Unlicensed driving charges or driving with no operator’s license (NOL) refer to a situation in which someone driving a vehicle is pulled over and found not to have a valid driver’s license or permit. Driving without a license in Prince William County is a criminal misdemeanor that can affect an individual’s criminal history and driving records. Because of the serious penalties associated with this offense, you should contact a skilled defense lawyer if you are facing charges such as these.

Penalties

A first offense of unlicensed driving in Prince William County is a Class 2 misdemeanor, which means an accused individual could receive a maximum penalty of up to six months in jail and a maximum $1,000 fine. It also may lead to a license suspension of up to 90 days.

The court elevates a second or subsequent offense of driving without a license to a Class 1 misdemeanor, which means it can be punished by up to 12 months in jail and up to a $2,500 fine, as well as the same potential of 90 days of additional license suspension. If an individual is not licensed in Virginia, they make risk losing their privileges to drive in that state.

The collateral administrative penalties with the Virginia Department of Motor Vehicles include three demerit points and an offense that remains on an individual’s driving record for three years after conviction.

What to Expect

The vast majority of operating a motor vehicle without a license cases are treated as minor charges in Prince William County because they usually occur when law enforcement charges someone with the more serious offense of operating a motor vehicle on a suspended license. However, a court may reduce this charge to unlicensed driving.

It is rare for a high fine or jail time to be imposed for unlicensed driving, so the more critical goals in these cases tend to be avoiding a new criminal charge, further license suspension, and other associated consequences with the Virginia Department of Motor Vehicles and auto insurance policies.

Sometimes the accused may have a legal defense to the charge if, at the time of the stop, they were only operating the vehicle on a road that is not considered a public highway. More commonly, a traffic defense lawyer can get the charge dropped or dismissed if the person obtains a valid license before their final court date.

Unlicensed Driving Versus Driving without a License in Possession

Driving without a license in one’s possession is different from operating a motor vehicle without having had a valid license issued. This offense is the least serious traffic ticket one can receive in the state.

Driving without a license in one’s possession is a traffic infraction that is punishable only by a maximum fine of $10. Consequently, the court costs actually can be a bigger sum than the fine. No jail time, license consequences, or DMV demerit points are associated with this offense.

Almost all driving without a license in possession cases end with the accused bringing their actual physical license card to the court to show that it was issued by or before the date they received the charge. Once an individual shows this proof to the court or prosecutor, the charge is dismissed. Sometimes, however, the accused is required to pay courts cost as part of the dismissal.

Driving with a Suspended License

In Prince William County, driving with a revoked license is a more serious offense than unlicensed driving. Driving while suspended applies to situations where one’s entire privilege to drive in the state has been revoked, regardless of whether the person has ever had a valid Virginia license.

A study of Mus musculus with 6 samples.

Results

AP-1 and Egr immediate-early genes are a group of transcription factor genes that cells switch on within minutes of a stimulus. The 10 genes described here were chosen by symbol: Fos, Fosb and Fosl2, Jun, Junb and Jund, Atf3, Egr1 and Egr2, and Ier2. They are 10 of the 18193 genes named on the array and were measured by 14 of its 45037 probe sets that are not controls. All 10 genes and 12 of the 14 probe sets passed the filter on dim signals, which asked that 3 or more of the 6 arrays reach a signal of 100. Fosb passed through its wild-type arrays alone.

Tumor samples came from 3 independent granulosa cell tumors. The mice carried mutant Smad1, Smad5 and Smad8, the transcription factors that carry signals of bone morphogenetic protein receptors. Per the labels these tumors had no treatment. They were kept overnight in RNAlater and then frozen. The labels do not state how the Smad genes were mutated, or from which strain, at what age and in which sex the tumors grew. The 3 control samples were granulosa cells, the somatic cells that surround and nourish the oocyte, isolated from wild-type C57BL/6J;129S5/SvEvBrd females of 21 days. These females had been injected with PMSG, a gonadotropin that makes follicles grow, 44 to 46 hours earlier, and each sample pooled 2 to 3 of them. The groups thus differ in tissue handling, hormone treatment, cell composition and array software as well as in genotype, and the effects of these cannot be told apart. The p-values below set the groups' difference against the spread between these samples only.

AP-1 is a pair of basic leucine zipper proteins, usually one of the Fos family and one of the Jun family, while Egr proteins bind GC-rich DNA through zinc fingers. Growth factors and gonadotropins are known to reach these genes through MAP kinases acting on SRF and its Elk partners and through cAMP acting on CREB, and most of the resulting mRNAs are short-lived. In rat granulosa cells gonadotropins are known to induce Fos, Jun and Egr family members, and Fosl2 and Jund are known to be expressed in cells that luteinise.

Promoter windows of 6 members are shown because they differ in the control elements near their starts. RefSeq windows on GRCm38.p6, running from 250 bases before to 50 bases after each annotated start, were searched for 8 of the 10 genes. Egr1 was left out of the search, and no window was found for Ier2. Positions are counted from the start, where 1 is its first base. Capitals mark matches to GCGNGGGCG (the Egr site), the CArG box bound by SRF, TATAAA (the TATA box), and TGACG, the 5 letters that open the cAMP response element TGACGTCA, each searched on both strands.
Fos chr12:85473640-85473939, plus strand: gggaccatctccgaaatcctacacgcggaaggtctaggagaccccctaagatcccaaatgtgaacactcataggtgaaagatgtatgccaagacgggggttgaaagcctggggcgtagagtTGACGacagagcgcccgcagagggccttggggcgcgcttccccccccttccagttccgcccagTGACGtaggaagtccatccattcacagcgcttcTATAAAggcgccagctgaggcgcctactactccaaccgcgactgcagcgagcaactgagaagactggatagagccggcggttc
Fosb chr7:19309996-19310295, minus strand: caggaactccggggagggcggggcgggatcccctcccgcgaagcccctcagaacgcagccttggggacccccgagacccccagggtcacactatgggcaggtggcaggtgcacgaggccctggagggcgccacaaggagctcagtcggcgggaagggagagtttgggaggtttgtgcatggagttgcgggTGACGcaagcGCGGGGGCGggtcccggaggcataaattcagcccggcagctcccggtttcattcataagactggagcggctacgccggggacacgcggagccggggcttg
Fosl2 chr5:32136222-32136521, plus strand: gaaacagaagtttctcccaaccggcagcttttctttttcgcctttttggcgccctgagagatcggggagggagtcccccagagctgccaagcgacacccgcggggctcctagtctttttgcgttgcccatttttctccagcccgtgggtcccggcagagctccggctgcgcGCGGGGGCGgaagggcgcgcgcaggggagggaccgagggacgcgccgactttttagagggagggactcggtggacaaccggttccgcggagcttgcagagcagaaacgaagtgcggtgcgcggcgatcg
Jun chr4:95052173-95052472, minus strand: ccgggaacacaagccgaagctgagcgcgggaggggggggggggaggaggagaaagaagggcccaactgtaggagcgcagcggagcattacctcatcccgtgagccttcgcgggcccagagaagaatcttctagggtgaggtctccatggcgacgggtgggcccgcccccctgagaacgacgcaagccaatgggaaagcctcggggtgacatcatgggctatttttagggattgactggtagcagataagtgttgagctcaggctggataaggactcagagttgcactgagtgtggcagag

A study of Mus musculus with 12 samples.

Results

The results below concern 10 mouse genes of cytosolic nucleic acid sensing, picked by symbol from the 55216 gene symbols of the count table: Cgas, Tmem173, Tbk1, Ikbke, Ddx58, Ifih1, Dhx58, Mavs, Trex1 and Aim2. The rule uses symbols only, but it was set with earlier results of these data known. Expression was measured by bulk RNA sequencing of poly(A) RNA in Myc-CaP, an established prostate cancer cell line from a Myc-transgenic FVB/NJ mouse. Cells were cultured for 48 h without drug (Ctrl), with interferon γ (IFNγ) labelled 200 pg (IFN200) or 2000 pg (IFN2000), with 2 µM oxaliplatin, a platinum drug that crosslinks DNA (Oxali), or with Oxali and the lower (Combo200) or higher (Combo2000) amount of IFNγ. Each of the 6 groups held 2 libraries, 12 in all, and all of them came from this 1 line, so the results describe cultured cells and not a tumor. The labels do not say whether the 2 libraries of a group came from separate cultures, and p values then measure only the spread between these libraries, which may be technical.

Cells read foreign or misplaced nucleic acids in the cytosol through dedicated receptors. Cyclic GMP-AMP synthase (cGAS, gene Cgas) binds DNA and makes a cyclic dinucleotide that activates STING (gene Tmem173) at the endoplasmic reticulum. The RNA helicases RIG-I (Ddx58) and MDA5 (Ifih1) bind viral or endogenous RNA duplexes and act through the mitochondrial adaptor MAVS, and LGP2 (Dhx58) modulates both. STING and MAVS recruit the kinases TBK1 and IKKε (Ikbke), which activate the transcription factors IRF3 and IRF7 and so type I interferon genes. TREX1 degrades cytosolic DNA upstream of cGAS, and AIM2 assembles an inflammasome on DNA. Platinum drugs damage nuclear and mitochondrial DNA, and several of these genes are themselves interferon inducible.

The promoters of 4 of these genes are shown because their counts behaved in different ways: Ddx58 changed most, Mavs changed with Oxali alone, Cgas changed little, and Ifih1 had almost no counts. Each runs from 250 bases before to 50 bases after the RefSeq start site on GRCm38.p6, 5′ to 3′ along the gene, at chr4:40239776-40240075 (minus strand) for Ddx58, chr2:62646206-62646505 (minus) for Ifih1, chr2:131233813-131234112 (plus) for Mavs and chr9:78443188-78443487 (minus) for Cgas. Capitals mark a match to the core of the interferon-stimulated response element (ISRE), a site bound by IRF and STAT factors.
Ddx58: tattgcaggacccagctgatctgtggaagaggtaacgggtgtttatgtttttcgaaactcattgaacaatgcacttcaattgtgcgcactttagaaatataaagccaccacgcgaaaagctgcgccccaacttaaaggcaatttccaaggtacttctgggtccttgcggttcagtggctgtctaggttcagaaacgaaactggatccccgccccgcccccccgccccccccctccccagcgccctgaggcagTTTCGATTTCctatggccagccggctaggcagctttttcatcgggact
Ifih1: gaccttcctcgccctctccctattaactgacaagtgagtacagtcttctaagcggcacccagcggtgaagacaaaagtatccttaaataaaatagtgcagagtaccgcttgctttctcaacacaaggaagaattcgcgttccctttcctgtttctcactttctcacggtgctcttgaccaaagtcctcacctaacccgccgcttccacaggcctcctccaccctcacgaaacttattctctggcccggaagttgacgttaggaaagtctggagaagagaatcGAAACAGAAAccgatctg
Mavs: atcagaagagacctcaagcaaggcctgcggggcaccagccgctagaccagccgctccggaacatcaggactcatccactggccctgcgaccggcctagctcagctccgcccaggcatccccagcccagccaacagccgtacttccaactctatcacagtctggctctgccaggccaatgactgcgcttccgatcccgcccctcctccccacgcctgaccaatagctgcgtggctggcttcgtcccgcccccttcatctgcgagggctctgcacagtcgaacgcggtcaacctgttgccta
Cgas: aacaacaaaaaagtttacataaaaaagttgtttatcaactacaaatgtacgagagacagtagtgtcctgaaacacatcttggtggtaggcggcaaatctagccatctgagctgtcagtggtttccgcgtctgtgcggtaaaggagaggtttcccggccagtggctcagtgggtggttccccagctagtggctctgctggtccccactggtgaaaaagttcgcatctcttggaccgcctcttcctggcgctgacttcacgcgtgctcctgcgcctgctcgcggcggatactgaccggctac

This offense also requires that the accused be driving a motor vehicle on a public highway as opposed to just operating a stationary vehicle. An accused must have received sufficient prior notice of their driving suspension by the time they were observed to be driving for law enforcement to charge them with this offense.

Causes of Suspension

One of the most common causes of license suspension is nonpayment of court fines or costs in a previous legal case. Those expenses are typically due within 30 days after a case concludes, and the DMV may suspend a person’s privilege to drive for an indefinite period if the court does not obtain payment within that timeframe.

Someone also may receive a license suspension if they were convicted for an offense or put on probation or first-offender program under which the court ordered their privilege to drive to be suspended for a certain amount of time. This period of suspension is fixed in duration regardless of the payment of court expenses. Some drug offenses require a license to be suspended for six months. Additionally, Most DUI offenses require a license to be suspended for at least one year each time someone is convicted.

How Can a Driver Get Their License Back After a Suspension?

A driver whose license was suspended because of a DUI conviction has to fulfill several demanding obligations before they are eligible to have their license reinstated. Those obligations include completing a mandatory alcohol safety and abuse class, exclusively operating a vehicle that has an ignition interlock system installed for at least six months, or not driving at all until the total period of suspension has passed.

Once a person has gone through all of those steps and paid off related court expenses, they are eligible to pay a reinstatement fee to the DMV to be issued a new license. Depending on how long the person was without a valid license and the nature of the DUI conviction, a person may be required to retake the driving test as well.

Contact a Prince William County Attorney to Learn About Unlicensed Driving Charges

Driving without a license in Prince William County is a serious offense that can have severe consequences. A seasoned lawyer could help you fight these charges and prepare for the upcoming legal process. To schedule a case consultation, call today.